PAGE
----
MPs debate Trump's state visit to Britain
The members of Parliament in Britain's House of Commons have debated the proposed state visit by US President Donald Trump.
As the politicians on Monday discussed the proposed state visit, shouts and noise from a "Stop Trump" rally taking place in London's in Parliament Square could be heard inside the Houses of Parliament, Xinhua news agency reported.
It followed a petition to parliament signed by 1.85 million people calling for Prime Minister Theresa May's invitation to Trump to be withdrawn. A second petition, signed by more than 300,000 people supported a state visit to Trump during which Queen Elizabeth would host a state banquet.
MP Paul Flynn said only two US presidents have been granted a state visit since 1952, but within seven days of Trump becoming president he had been invited to a state visit. Flynn described this as extraordinary and completely unprecedented.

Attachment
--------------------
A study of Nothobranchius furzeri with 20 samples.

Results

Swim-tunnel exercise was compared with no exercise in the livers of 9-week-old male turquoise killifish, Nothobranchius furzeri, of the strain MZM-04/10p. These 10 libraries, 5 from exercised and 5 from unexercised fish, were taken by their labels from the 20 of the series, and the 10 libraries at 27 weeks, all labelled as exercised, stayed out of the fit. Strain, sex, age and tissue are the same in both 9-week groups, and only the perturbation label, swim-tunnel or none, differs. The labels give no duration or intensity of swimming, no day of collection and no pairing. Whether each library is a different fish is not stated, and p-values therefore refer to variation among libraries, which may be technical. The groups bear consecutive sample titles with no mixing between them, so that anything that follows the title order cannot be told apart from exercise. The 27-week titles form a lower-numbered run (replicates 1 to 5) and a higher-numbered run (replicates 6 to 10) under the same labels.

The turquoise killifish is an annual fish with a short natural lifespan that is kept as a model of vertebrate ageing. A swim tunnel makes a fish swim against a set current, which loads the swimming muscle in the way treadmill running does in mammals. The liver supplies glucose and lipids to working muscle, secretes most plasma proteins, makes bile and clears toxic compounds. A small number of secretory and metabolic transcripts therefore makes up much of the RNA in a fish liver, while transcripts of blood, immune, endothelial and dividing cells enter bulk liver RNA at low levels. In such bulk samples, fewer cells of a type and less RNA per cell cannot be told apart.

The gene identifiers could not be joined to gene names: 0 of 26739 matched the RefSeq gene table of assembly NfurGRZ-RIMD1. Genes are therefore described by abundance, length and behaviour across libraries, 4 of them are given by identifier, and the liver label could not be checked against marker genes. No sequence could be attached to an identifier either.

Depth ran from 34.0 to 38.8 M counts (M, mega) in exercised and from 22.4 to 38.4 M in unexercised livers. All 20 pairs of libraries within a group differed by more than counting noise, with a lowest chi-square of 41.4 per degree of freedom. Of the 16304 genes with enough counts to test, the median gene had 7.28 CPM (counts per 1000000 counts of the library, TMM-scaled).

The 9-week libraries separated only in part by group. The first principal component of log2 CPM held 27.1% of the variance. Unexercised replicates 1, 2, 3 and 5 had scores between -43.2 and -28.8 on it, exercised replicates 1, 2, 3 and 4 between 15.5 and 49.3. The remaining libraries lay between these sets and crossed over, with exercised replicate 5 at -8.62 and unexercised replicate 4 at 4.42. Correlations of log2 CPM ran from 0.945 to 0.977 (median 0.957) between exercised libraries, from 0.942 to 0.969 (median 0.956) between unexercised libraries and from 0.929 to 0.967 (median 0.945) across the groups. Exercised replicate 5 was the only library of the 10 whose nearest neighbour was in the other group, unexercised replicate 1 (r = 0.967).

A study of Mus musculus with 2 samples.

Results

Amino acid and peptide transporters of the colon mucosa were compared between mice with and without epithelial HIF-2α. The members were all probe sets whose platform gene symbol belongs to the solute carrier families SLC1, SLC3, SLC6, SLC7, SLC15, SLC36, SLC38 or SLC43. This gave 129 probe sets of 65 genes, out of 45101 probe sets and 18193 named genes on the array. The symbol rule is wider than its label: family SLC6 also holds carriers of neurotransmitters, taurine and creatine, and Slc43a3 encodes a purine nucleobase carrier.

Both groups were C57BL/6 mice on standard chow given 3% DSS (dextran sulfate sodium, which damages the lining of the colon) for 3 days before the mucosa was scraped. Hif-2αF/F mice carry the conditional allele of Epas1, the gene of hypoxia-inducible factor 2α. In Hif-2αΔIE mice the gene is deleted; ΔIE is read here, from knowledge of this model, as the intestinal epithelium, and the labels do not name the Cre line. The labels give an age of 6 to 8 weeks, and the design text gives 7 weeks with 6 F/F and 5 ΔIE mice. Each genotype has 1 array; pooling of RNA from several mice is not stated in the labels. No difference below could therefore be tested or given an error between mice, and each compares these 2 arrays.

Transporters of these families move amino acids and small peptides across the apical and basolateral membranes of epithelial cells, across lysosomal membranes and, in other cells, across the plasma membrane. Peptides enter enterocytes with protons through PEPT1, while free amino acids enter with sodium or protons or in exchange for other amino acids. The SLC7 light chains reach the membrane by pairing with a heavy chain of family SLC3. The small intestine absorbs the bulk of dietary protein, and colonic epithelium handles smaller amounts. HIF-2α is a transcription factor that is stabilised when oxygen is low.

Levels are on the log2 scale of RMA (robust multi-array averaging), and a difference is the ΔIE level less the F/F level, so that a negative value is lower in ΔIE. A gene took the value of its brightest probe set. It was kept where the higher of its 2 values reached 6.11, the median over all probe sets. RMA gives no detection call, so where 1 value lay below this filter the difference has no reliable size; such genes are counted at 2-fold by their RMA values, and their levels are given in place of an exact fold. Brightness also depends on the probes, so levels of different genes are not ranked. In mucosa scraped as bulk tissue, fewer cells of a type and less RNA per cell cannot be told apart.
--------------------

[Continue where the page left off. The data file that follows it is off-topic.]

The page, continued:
Emotions ran high among MPs who supported the visit and those backing opposition to the red carpet being rolled out for Trump.
A number of MPs said Trump should have been invited to an official visit, a step down from a state visit.
Conservative James Cartlidge said removing the invitation for a state visit will make Britain a "laughing stock" and would damage Britain's national interests.
Labour MP Liam Byrne predicted that the level of protests "taking place in Parliament Square tonight" will look like a tea-party compared to the likely protests when Trump arrives in London.
But the Foreign Office Minister Sir Alan Duncan said a state visit was part of plans for strengthening bilateral relations with the United States.
Despite the petition, the second biggest since parliamentary petitions were introduced, there is no obligation on the government to act.